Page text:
Using a Tumbler for Polishing Jewelry with Beads
I would like to ask you about using a tumbler for polishing jewelry with beads as ceramic, lampwork, pearls, gems, corals. What kind of beads are safe using this process?
Thank you very much for this topic. Marina
Never tumble porous materials such as pearls, turquoise, coral or soft/brittle gemstones like fluorite or those that have been dyed. The tumbling will usually leach the dye right out of them and, believe me, you won’t recognize them when you remove them from the tumbler! Coated items should also not be tumbled with stainless steel shot. This would be such things as AB coated Swarovski crystals, glass ‘pearls’ and coated ceramic beads. I’ve never personally had the Swarovski beads or pearls damaged, but I’ve heard the horror stories of others that have. I have had some fired ceramic beads enter the tumbler one color and come out a completely different color, ruining the bracelet that I had used them on. Another thing to be careful with is satin finished glass lampwork beads as the stainless steel shot will transfer itself to the bead’s slightly rough surface, giving them a silvery sheen.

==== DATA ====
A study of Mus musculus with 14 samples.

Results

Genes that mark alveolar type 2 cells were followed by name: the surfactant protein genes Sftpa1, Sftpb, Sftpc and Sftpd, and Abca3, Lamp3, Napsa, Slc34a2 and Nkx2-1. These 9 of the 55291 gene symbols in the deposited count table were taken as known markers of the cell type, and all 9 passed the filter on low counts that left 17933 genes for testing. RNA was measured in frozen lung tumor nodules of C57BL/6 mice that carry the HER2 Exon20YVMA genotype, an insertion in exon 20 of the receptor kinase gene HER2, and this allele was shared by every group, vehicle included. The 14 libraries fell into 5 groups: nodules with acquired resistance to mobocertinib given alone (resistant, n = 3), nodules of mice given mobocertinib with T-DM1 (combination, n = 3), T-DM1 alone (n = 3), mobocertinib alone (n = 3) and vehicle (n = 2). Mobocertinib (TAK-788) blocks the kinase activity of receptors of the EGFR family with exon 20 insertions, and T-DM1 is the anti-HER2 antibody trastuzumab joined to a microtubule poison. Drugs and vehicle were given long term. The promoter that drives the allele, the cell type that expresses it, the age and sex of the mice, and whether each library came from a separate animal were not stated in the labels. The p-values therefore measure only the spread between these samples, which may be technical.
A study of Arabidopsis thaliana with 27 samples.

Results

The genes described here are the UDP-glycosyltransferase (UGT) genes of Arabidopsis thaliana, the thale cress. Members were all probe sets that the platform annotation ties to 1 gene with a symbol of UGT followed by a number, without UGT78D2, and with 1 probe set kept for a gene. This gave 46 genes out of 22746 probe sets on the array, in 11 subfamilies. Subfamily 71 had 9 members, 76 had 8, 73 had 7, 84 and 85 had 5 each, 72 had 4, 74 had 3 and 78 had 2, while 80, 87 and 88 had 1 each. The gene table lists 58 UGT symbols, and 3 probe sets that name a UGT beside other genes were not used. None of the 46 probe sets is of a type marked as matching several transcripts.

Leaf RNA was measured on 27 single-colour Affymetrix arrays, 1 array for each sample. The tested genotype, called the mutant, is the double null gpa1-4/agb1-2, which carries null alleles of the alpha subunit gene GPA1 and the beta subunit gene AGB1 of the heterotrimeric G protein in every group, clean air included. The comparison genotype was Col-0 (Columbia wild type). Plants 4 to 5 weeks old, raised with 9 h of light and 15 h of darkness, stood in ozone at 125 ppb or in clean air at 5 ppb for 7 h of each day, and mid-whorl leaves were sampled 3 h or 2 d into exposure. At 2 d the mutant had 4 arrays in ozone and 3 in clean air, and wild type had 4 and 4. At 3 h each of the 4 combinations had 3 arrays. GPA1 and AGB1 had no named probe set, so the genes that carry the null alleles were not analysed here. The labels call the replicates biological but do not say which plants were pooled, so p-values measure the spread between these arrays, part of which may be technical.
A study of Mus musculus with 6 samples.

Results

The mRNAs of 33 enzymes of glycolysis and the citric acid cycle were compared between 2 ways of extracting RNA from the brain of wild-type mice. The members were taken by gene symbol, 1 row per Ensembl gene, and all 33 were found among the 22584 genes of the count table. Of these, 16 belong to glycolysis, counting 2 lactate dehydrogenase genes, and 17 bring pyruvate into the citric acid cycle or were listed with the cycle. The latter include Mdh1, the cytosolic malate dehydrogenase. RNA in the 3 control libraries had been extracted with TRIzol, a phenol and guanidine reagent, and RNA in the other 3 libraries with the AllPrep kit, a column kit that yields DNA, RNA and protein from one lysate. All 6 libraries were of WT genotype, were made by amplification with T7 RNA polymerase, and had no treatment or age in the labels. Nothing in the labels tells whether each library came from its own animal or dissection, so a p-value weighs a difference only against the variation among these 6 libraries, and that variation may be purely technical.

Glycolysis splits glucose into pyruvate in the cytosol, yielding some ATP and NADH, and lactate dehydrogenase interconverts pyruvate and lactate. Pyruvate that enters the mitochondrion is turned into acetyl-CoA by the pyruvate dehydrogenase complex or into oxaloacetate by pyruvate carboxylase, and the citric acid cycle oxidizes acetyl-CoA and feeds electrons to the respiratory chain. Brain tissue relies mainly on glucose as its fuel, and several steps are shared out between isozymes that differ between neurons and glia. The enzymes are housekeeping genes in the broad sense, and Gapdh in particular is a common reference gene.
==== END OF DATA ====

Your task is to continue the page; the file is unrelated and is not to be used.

When tumbling your jewelry, tumble like items together such as three or four bangle bracelets or a handful of earrings. Do not tumble heavy items with lightweight items as the lighter items could be damaged.
And this is really really important!!!
When tumbling loose beads such as hollow Bali silver beads, etc., be aware that whatever sized tumbling shot can fit inside the hole opening of your bead, WILL!!! I can’t tell you how many of those little nails in the shot will enter into a bead and cram themselves in the hollow space inside the bead. It’s like a contest to see how many can fit themselves in there. And let me tell you....you cannot get them out again. Your 6 gram bead now weighs 20 grams and fine beading wire cannot be forced through the bead. Your bead is ruined! So, to avoid learning this expensive lesson yourself, do what I now do and that is thread your beads using inexpensive copper wire or fat butcher string so no unwanted shot pieces can bully their way inside.